Kalberer was attending a private high school, but began to feel that her journey was meant to be different than she originally planned — and different than that of her family. Her grandmother, mother and sisters all attended that same private school.
“This was a big decision for me to change to a career tech school,” she said.
Kalberer said the choice to switch from a prestigious private school to Butler Tech came with some push-back. “I was told I was too smart, and I needed to stay in private school, but what happened amazed not only me, but others, too,” she said.
Kalberer is referring to two major accomplishments.
First, because she studied Project Lead the Way (PLTW) Biomedical Science at the Butler Tech Bioscience Center, the course work put her ahead as a college freshman. According to credit hours, she is actually considered a sophomore in her first year at The Ohio State University.
“By coming to Butler Tech, I took a lot of free classes through Sinclair [Community College], so I came to Ohio State already with more than 20 credit hours,” she said.
Because of that, she was able to get into priority housing at Ohio State, rather than the typical freshman residence hall. “That was kind of nice,” she laughed.
Her second accomplishment, she credits to Butler Tech, is the job she was able to secure. At just 18-years-old, Kalberer is a Hemotology Research Assistant at the James Wexner Research Hospital, in Columbus. She was chosen out of more than 50 candidates for the position.
“A lot of the reason I was chosen they told me is because of Project Lead the Way and being part of a cancer research team,” she said. “They didn’t expect me to know anything about cancer as a senior, and I knew a ton coming from Butler Tech.”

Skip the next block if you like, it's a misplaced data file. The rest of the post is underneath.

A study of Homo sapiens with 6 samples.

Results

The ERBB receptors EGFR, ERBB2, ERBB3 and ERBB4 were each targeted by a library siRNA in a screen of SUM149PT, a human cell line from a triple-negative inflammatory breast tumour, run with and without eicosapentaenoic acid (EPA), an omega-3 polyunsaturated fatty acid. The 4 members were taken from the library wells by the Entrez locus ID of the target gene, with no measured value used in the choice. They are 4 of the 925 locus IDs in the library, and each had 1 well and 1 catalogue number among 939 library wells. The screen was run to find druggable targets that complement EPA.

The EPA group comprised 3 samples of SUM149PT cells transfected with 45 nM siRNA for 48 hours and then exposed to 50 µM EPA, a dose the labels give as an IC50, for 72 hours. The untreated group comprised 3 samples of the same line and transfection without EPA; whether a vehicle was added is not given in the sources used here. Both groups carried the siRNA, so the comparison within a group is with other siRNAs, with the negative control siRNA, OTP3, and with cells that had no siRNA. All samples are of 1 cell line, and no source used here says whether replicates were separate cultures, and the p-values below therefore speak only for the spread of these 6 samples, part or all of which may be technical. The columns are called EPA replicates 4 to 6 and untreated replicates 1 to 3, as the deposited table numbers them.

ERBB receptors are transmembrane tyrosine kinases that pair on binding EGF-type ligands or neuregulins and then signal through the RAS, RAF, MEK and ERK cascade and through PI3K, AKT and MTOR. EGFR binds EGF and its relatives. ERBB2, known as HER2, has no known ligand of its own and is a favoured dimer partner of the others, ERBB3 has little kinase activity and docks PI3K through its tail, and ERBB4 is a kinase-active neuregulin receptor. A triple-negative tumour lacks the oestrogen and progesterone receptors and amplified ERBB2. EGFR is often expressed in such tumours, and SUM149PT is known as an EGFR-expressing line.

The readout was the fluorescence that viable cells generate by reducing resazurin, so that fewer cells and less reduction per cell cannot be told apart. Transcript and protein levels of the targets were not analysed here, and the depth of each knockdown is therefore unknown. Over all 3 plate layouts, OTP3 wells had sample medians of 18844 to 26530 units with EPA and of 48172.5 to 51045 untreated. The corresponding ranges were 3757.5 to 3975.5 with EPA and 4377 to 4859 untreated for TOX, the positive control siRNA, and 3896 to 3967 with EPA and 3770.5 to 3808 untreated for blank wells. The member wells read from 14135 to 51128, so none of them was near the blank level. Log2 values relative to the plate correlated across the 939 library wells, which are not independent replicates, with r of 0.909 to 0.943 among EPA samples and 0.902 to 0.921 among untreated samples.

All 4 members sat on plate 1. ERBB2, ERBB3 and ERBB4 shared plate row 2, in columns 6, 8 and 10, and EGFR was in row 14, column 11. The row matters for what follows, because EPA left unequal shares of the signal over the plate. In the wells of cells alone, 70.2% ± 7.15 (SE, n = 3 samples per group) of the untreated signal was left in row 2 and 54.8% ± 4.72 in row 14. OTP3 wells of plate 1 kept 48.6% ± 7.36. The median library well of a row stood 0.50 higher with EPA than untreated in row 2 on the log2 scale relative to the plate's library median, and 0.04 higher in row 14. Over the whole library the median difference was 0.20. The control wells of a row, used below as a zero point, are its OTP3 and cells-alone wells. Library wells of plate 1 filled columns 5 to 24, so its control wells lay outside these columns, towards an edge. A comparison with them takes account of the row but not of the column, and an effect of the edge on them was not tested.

And now, her college course work is a lot easier, she says, than other freshman, because she already has a medical foundation. “I came in already knowing medical terminology which is huge,” she noted.
Kalberer’s ultimate career goal at this point is to become an anesthesiology assistant, a job with a median salary of about $100,000 per year. Kalberer chose this career path because of a personal experience that wasn’t so pleasant.
“One time I was put under morphine, and I got really sick from it, so I started thinking about the science of giving medicine,” she said. “Funny that I was really sick but at the same time thinking, this is kind of cool!”
Aside from the academics that have launched Kalberer into success at OSU, she says she couldn’t have done it without the support and caring nature of the teachers at Butler Tech.
“I think I hugged every teacher here, today!” she said. “They are so caring here, some of the greatest humans you’ll ever meet.”
Kalberer has a lot of respect for Dr. Abbie Cook, the principal of the Butler Tech Bioscience Center.
“Dr. Cook I can talk to on both a professional level and personal level which says a lot about her and the school, it’s like a community here,” she said. “I know I have help here, resources and references, it’s someplace I can come back to.”
Kalberer says she also enjoyed visiting with the students at the Bioscience Center.
“Everyone knows everyone, it’s such a great environment that you can thrive in!” she said.
And thriving Kalberer says was the key to her personal success and also taught her something important about learning and growing as a person.
“If you can thrive, that gives you the right attitude, and if you have the right attitude, you can achieve whatever you want in academics and your career goals,” she said.